It’s a familiar refrain, isn’t it, the promise that God will make Abraham the father of many nations? It’s one of those tenets of our faith that slides off the tongue like water off a duck’s back—slick, smooth, clear, and acknowledged in a blink.

But the English Standard Version puts it this way: “I will make you into nations, and kings shall come from you.” The passage says of Sarah that “she shall become nations; kings of peoples shall come from her.”

To be made into nations—what does that even mean? And to be told that kings will come from you—what would it feel like to hear that?

These are two people past childbearing age, the barrenness of Sarah her ongoing shame for years. Now they are told they will not just become parents but be made into nations—and not just made into nations but that kings will flow forth from them.

How are they to hold such news? How would you hold it if it were you? And how does such a thing happen?

Perhaps being made into nations happens through the royal order this promise carried with it. We’re told this lineage of nations and kings was no definite outcome. God told Abraham, “Walk before me, and be blameless” (ESV). Could this be how a person is made into nations—through blamelessness and walking one’s life before God?

The condition of Abraham’s life and heart determined what would happen beyond him and through him. If Abraham honored the royal order of how nations and royals are made, God would bring it about. A life that’s blameless, that walks steadily before God each day—are these conditions you would agree to meet if it meant the same outcome for you?

Help me, God, to follow the blameless path you desire me to walk. Bring your nations and kings from my faithfulness. Amen.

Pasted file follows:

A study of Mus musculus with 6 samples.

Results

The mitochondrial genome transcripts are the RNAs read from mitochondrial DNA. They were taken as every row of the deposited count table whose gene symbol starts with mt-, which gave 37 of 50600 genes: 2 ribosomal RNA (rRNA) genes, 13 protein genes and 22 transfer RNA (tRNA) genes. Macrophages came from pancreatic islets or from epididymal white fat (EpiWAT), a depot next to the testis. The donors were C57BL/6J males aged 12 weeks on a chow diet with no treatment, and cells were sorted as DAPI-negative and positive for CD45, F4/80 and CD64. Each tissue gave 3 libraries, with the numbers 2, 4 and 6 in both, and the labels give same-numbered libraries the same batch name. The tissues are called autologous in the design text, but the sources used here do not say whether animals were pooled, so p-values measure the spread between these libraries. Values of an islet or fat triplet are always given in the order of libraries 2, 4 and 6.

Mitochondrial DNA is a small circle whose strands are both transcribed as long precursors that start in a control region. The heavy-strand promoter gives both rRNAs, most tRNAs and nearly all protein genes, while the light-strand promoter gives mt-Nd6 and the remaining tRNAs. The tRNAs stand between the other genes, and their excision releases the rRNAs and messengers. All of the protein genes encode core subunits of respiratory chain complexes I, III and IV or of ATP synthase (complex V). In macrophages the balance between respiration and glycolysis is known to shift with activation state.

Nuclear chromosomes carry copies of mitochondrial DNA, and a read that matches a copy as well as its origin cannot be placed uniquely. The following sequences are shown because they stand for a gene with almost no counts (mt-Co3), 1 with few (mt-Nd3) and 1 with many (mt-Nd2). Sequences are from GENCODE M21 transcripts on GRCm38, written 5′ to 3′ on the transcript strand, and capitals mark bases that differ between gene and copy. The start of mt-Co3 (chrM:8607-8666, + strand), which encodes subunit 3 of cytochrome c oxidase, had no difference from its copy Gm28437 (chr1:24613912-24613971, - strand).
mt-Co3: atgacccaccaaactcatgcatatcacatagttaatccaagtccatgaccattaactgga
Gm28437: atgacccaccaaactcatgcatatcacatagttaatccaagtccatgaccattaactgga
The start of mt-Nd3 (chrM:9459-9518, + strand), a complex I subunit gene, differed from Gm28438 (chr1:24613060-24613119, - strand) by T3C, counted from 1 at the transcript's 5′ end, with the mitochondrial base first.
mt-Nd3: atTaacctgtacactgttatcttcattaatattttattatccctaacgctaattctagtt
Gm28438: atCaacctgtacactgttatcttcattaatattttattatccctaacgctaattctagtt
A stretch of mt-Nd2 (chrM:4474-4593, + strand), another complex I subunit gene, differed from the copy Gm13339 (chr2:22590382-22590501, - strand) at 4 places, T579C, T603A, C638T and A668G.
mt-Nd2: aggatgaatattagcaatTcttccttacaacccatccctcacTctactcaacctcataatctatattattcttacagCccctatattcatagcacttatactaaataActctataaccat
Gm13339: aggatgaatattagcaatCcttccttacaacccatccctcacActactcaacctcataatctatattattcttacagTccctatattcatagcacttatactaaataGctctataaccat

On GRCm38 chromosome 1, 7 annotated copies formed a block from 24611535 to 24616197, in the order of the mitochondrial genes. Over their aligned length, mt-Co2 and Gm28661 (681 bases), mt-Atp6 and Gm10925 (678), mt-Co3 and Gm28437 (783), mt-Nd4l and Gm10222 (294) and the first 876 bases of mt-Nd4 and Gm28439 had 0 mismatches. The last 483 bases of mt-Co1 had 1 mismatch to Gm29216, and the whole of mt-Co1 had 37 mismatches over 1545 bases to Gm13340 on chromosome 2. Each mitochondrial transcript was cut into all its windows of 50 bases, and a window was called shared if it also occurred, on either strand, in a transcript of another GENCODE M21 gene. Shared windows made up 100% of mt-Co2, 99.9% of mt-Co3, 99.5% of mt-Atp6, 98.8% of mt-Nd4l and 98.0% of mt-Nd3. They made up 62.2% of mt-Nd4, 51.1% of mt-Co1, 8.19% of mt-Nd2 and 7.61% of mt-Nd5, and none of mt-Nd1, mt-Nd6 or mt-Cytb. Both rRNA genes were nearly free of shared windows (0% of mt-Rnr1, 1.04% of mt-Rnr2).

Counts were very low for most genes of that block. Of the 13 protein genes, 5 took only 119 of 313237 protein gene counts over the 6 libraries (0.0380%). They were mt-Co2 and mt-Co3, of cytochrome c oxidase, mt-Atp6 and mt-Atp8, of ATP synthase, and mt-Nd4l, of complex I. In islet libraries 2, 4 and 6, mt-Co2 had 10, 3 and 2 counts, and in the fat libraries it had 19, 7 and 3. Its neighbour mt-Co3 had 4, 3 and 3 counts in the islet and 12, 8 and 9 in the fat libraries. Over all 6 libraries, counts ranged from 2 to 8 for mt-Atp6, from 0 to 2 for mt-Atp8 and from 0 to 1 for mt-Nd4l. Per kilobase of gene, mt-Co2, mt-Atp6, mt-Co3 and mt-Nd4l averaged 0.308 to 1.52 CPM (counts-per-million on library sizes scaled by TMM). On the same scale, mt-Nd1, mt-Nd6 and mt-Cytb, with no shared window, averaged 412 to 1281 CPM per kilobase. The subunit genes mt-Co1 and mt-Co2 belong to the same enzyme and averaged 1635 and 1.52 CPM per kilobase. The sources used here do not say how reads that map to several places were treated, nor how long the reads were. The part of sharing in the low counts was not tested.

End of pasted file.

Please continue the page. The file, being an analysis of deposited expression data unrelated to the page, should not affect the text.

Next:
Pray the Scriptures Using Audio Lectio
Read Mark 8:31-38

February 22–28, 2021
Scripture Overview

We cannot earn God’s love. Going back to the time of Abraham, God’s blessing has been based on faith. God chose Abraham for a covenant not because Abraham was perfect but because he believed God. The psalmist reminds his audience of their ancient relationship with God and expresses the hope that it will continue through future generations. In Romans, Paul reinforces the centrality of faith. Following the law was not bad, but no one should believe that following the law could earn God’s favor. Some of Jesus’ disciples share with him an experience that mystifies them. Trusting God means surrendering everything in faith.

Questions and Suggestions for Reflection

Read Genesis 17:1-7, 15-16. What is the basis of your relationship with God? How comfortable do you feel in it?
Read Psalm 22:23-31. Where do you find hope in troubling times?
Read Romans 4:13-25. How easily do you live in God’s grace? In what areas do you find yourself “reckoning” your righteousness?
Read Mark 9:2-9. Do you ever find it difficult to believe in things you may not fully understand? What helps you to trust in God?

Respond by posting a prayer.

I join many of those who will pray for you as you seek to discern what you are called to be at this moment. May God grant you the courage to fulfill that calling. May we all open our eyes and see the misery, open our ears and hear the cries of God’s people, and, like God through the Lord Jesus Christ, be incarnate amongst them.” 

View a growing list of resources for the spiritual work of overcoming racism.